Back to school season is here, and along with new schedules, new school clothes and new books comes the opportunity to try some new healthy meal plans! Often the new schedules and initial adjustment can take priority during the busy day, and that can mean lunches are whatever is in the fridge and cupboards at the time.
With a little planning ahead and stocking up on some of the most often used groceries meal planning can be nutritious as well as easy to throw together for busy days. If you plan on making your kids’ meals at home for them to bring to school the next day, try some of these tips and tricks:
Keep the kitchen stocked with popular fruits, vegetables and snacks. Make a list of family favorites (mandarin oranges, cheese sticks, nuts, berries, pretzel sticks, hummus with pita chips, or yogurt sticks) and keep them in the house to add as handy sides to lunches. Put these items at the top of your grocery list and check the amount you have on hand before grocery shopping and cross them off if you have plenty.
Plan meals for the following week. Use the weekend to plan meals for the week ahead, and base your grocery list on those meals. Be sure to keep your meal plans and grocery lists; after four weeks you can rotate and start over with the initial plan. This is an easy way to start over with meal planning without spending lots of time. Change meals when needed (sometimes meals are not as popular as others, or repetition becomes boring).
Start with fruits and vegetables. An easy way to build to-go lunches is start with one serving fruit, and one serving vegetable such as a small-medium apple, with one-half cup baby carrot sticks, or one small or medium orange slices with one-half cup broccoli, or one-half cup green beans with one-half cup sliced pears. This is a perfect opportunity to try new fruits and vegetables. Remember, it takes usually eight to 10 times before most kids find new foods acceptable, so repetition and patience will be key!
Choose lean protein. Lean protein like chicken, fish, low fat beef, and low fat pork will be better choices for kids than cuts of meat with higher fat content. Look for “low fat” or “lean cut” on the packaging. Cook your meats up to 165 degrees initially, and then serve them cold (like 3 oz. sliced chicken on a green salad, or meatballs with some ketchup/spaghetti sauce, or sliced turkey in a tortilla wrap).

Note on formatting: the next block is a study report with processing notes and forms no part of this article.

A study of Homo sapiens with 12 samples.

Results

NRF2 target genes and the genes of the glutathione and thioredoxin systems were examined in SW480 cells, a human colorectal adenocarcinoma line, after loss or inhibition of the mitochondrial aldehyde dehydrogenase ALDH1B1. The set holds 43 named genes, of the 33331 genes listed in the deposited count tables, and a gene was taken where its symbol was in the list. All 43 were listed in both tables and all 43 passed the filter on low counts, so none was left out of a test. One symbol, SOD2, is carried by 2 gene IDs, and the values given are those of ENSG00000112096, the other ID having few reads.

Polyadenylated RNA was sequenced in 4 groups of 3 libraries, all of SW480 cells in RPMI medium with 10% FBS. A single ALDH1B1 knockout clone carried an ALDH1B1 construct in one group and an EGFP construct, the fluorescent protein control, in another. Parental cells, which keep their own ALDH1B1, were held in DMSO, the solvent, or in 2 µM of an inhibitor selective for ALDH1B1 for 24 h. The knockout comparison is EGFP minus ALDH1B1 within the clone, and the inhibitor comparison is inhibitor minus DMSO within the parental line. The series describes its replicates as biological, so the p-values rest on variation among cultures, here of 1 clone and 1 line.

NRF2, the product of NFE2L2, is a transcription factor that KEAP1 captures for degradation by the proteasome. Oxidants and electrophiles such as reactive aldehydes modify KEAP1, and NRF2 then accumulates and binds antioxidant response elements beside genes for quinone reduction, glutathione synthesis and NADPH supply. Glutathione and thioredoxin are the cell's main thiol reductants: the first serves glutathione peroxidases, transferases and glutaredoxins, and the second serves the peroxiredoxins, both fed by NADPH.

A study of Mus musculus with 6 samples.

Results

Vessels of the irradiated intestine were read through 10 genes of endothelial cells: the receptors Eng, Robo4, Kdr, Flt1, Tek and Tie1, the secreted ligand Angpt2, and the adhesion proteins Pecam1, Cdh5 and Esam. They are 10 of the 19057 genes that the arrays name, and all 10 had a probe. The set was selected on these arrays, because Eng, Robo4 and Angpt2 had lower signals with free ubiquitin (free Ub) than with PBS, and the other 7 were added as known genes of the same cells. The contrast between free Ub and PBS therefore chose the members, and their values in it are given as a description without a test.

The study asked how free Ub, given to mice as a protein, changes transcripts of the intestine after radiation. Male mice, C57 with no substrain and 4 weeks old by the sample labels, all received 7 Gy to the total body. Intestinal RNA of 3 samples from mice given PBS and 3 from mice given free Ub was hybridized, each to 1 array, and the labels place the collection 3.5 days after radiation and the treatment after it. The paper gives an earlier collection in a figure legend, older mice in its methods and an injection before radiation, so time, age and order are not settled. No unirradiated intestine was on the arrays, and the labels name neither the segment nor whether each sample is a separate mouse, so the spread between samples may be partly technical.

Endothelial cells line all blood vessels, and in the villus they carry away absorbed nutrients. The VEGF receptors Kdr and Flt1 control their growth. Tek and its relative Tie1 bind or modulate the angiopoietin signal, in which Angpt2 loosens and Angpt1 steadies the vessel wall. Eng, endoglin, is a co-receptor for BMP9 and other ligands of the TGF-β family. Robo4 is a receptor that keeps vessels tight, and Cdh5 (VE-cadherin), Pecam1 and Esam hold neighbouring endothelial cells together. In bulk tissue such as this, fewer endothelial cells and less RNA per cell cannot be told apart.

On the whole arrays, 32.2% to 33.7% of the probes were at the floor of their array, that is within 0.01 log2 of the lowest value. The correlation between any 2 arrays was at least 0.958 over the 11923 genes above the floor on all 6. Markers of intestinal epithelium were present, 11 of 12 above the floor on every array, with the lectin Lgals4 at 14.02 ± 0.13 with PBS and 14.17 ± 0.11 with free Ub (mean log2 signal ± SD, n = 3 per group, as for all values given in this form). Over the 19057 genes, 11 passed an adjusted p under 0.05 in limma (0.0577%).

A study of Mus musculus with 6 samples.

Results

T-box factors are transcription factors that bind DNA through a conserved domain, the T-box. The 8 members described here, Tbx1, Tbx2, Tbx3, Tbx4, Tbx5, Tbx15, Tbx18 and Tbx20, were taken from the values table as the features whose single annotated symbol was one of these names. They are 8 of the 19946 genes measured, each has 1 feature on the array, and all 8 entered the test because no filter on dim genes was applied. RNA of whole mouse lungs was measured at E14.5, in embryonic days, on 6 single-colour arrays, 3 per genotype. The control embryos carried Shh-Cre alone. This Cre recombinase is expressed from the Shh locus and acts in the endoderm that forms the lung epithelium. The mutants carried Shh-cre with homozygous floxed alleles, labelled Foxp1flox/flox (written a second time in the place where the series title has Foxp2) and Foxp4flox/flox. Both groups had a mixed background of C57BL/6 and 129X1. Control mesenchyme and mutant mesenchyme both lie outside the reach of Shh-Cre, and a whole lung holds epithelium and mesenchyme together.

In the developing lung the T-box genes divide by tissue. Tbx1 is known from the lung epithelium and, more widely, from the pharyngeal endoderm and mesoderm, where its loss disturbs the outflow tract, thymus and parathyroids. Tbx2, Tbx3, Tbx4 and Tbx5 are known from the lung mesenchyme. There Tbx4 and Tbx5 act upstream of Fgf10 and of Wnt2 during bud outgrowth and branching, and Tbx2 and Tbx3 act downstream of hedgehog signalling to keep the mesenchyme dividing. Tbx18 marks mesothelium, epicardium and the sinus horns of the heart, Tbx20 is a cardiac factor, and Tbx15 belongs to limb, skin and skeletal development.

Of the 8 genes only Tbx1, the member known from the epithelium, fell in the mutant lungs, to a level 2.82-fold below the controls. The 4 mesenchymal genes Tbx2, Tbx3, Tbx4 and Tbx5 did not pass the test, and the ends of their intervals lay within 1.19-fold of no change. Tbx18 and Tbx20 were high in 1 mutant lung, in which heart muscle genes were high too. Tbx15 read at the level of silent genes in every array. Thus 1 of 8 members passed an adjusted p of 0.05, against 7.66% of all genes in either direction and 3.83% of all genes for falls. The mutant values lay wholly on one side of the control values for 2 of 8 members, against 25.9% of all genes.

Finish your healthy lunch plan with whole grains and low fat dairy (or a dairy substitute). Whole grains include whole wheat bread, brown rice, whole wheat pasta, whole wheat tortilla wrap, and exotic grains like quinoa, farro, spelt, and bulger. With each meal aim for one-half cup whole grain or more (two whole wheat bread slices will fit this, or one-half cup brown rice). Low fat dairy and dairy substitutes come in all kinds of single serving packages and are easy to store in lunch boxes. One or 2 percent milk is preferable to whole milk, and low fat chocolate milk can be a nice treat especially on a physically active day (sports games, physical education classes, etc.).
Try some new recipes occasionally to break up the monotony. Recipes like Brazilian beans and rice, shrimp gumbo, Mediterranean salad, and vegetable stir fry can help mix up your meals and help prevent meal skipping or boredom.
Have a backup plan. When life gets busy (as it does sometimes) having a backup plan can help for days when meal planning and grocery shopping are not an option. When you are cooking dinner, double the portions of the recipe and portion the extra out into individual storage containers. Label them with the title and the date and store them in the freezer (good for six months). These homemade frozen dinners are a great way to grab and go while racing out the door to catch the bus. Some good freezer meals include lasagna, chicken stir fry, casserole dishes, or beans with rice. Keeping stock of favorite snacks and food items make for quick meals that can be thrown together at the last minute.
Learn more about preparing healthy school lunches
A free healthy school lunch cooking demonstration will be held on Monday, Sept. 11 at 12 p.m. at St. Luke’s Jerome in the Barley Room. To register, call 208-814-0094.
Kristopher Crane is a registered dietitian at St. Luke’s Magic Valley.